What you need to know about the limitations of PGS
Preimplantation genetic screening, or PGS, sounds like a dream come true for many people who hope to have an easy pregnancy and healthy child. While this advanced science does improve the chances of both, there are important limitations of PGS that hopeful parents need to understand.
Before PGS became possible in the early 1980s, the only way to grade IVF embryos was to look at them under a microscope. Still, it’s been proven time and again that not all normal-looking embryos implant and grow into healthy babies, while countless low-grade embryos have grown into beautiful, healthy kids.
As the old saying goes, “You can’t judge a book by its cover.” With embryos, you have to take a look inside before you can tell if you’ve found a good one. PGS makes it possible for scientists to look inside an embryo and examine its genetic makeup, so that the embryo with the best chance for growing into a healthy baby can be selected for transfer to the woman’s uterus.
In PGS, geneticists evaluate a few biopsied cells from each embryo for chromosomal aneuploidy, seeking to find out if too few or too many chromosomes are present. An embryo with more or fewer than 23 chromosome pairs may be at increased risk of miscarriage or certain genetic disorders.
By screening out abnormal embryos with PGS, physicians can transfer just one chromosomally normal embryo, increasing the chances for having a successful singleton pregnancy and healthy child. But it’s important to know the limitations of PGS, because even when transferring a screened embryo, the live birth rate is still just 60% or less.
Limitations of PGS: Why isn’t it foolproof?
In recent years, scientists have made many advances that have improved the accuracy and safety of PGS. Just a few years ago, geneticists could evaluate only 10 chromosomes, allowing for 80% diagnostic accuracy. Today’s screening method allows evaluation of all 23 pairs of chromosomes at once, achieving accuracy greater than 98%.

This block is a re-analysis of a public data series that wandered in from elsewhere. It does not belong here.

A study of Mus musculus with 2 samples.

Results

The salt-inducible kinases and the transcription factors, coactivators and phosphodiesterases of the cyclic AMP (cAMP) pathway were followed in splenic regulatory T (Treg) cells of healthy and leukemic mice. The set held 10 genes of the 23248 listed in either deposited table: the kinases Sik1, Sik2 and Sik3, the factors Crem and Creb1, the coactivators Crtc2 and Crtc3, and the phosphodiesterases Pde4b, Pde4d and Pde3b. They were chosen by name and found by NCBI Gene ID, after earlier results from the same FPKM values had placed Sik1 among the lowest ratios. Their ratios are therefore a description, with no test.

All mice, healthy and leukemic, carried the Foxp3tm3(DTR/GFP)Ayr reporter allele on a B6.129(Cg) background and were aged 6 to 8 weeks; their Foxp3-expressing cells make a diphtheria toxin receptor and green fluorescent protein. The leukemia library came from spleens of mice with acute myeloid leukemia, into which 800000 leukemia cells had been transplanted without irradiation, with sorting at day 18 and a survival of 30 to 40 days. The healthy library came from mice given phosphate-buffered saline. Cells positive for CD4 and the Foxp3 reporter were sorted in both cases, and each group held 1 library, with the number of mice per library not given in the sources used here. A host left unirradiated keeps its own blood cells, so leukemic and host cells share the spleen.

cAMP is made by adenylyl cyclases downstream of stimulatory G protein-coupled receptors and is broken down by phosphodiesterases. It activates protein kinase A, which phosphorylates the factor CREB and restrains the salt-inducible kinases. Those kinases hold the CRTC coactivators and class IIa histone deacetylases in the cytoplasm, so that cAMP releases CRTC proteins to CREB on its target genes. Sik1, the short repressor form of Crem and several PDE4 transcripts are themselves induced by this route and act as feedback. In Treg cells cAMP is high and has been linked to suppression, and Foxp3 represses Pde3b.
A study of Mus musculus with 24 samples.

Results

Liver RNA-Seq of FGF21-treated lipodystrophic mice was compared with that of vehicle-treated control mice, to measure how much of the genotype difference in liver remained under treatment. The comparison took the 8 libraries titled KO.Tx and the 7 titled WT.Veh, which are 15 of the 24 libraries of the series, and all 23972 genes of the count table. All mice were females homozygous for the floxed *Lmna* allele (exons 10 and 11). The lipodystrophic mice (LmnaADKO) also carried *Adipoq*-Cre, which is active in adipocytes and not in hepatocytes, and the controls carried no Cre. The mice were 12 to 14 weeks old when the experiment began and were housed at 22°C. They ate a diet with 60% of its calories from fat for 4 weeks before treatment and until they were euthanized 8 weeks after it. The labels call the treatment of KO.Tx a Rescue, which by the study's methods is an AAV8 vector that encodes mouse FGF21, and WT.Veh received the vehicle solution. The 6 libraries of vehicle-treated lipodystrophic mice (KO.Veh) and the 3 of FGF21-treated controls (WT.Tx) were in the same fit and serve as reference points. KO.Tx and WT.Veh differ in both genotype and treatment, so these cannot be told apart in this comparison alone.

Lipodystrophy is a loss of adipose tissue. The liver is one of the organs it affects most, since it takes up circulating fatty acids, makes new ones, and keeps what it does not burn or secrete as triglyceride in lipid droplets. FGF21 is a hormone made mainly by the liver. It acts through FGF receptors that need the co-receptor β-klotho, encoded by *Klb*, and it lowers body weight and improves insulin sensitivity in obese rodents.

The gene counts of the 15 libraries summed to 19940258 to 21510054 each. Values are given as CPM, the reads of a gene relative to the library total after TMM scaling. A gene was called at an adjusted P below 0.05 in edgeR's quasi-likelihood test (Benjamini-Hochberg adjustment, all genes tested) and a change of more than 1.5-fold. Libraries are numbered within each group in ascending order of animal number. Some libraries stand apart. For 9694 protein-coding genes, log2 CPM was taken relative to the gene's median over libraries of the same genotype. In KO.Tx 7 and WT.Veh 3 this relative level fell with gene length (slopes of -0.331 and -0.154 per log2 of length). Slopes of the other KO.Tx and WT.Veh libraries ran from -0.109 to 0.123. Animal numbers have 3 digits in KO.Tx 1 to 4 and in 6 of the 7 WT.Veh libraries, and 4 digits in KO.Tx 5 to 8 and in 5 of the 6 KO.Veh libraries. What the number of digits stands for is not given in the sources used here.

Despite these advances, the initial enthusiasm about PGS has been tempered by more recent data. It’s become clear that maternal age plays an important role in live birth rates after PGS.
- The maximum post-PGS live birth rate for women younger than 35 is 60%.
- The live birth rate declines to 55% for women ages 35 to 40.
- For women ages 41 to 43, the live birth rate drops to 45%.
Why does a “normal” embryo from a 35-year-old woman have a better chance to survive than a “normal” embryo from a 40-year-old? The answer lies with a condition called mosaicism, which may become more likely to occur as women grow older.
Geneticists’ ability to screen for chromosomal abnormalities is limited by mosaicism, in which an embryo has two or more cell populations that have a different chromosomal makeup. Some of those cells may be abnormal, lowering the embryo’s potential for survival. But with current technologies, if fewer than 30% of an embryo’s cells are abnormal, those abnormalities may go undetected.
One of the limitations of PGS is that the sample size is small. Just four to 10 cells can be safely removed from an early-stage embryo without causing damage. If the biopsied cells are normal, it doesn’t necessarily mean than every cell in the embryo is also normal. The embryo could be mosaic, and depending on the severity, it may be unable to develop normally after transfer.
If one or more of the biopsied cells is abnormal, that embryo will not be chosen for transfer. While healthy babies have been born from mosaic embryos – in one Italian study, the rate was 6 healthy babies out of 18 transfers – many fertility centers, including IVFMD, remain reluctant to transfer mosaic embryos until further safety studies have been done.
Talk to your fertility specialist
Since PGS was first introduced, science and technology have made great strides in helping people have healthy children. While embryo mosaicism remains one of the primary limitations of PGS, it’s just a matter of time until researchers find a way to overcome it.